Eric Tagliacozzo – University of Copenhagen

ADI Conference 2019 > Keynote speakers > Eric Tagliacozzo

Eric Tagliacozzo, Professor of History, Cornell University

Keynote address - 19 June, 11:15-12:15

How the Indian Ocean Spice Trade Made the World Modern

The quest for spices brought the world together in ways that we only recognize now. Though spices have been in circulation since Antiquity, it really was roughly from the "Contact Age" forward (circa 1500 CE) that they began to play an absolutely vital role in connecting the world's scattered societies. Prior to that, the Mediterranean Basin and India were thinly connected by spices; further to the east, India and Southeast Asia were too, as were Southeast Asia and China further east from that. Han Dynasty princes were found buried with cloves in their mouths two thousand years ago (and cloves only grew thousands of kilometers away in Indonesia then). Venice built an empire on the control of spices from Asia, and Istanbul did the same after the age of the Venetians was gone. This lecture looks at these old histories as an engine for global connection.  The barks and seeds of Asia ended up launching the beginnings of the imperial age, when European state-making projects under the guise of "East India Companies" eventually carved up much of the known world. We will follow this process and learn a bit about the objects of this unparalleled affection-the spices themselves-along the way. We take the pepper, seasonings, and salt on our dinner tables for granted. We shouldn't. What could be more prosaic? Yet these and other spices are one reason we are all here together, in a world that today we all commonly share.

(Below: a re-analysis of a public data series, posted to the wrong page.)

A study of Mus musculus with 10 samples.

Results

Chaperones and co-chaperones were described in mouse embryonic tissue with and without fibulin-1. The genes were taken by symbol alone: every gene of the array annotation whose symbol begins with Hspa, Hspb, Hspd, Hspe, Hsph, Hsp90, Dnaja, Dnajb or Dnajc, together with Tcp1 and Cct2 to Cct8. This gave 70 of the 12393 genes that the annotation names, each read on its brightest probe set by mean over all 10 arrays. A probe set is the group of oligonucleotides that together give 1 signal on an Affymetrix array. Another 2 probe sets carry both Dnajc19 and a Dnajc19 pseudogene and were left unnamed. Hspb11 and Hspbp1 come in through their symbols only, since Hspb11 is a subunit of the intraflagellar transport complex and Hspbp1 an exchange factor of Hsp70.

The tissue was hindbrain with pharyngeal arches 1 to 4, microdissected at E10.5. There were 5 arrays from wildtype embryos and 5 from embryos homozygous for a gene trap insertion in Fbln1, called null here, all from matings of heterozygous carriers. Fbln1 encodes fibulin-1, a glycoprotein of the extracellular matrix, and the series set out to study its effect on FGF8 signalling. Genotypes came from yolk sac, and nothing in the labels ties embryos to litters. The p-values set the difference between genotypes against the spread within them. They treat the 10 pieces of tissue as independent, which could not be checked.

Much of Eric Tagliacozzo's work has centered on the history of people, ideas, and material in motion in and around Southeast Asia, especially in the late colonial age. His first book examined many of these ideas by analyzing the history of smuggling in the region (Yale, 2005), and his most recent monograph also did this through the lens of the Hajj, the annual pilgrimage to Mecca (Oxford, 2013). Several edited volumes also look at Southeast Asia’s connections with the Middle East; at the idea of Indonesia over a 2,000-year period; at Sino-Southeast Asian contact over the last millennium; and at the meeting of history and anthropology generally (and conceptually) as disciplines. Currently he is working on a book about the linked maritime histories of Asia, from Yemen east to Yokohoma.  He directs the Comparative Muslim Societies Program (CMS) at Cornell, as well as the Cornell Modern Indonesia Project (CMIP), and he is the editor of the journal INDONESIA.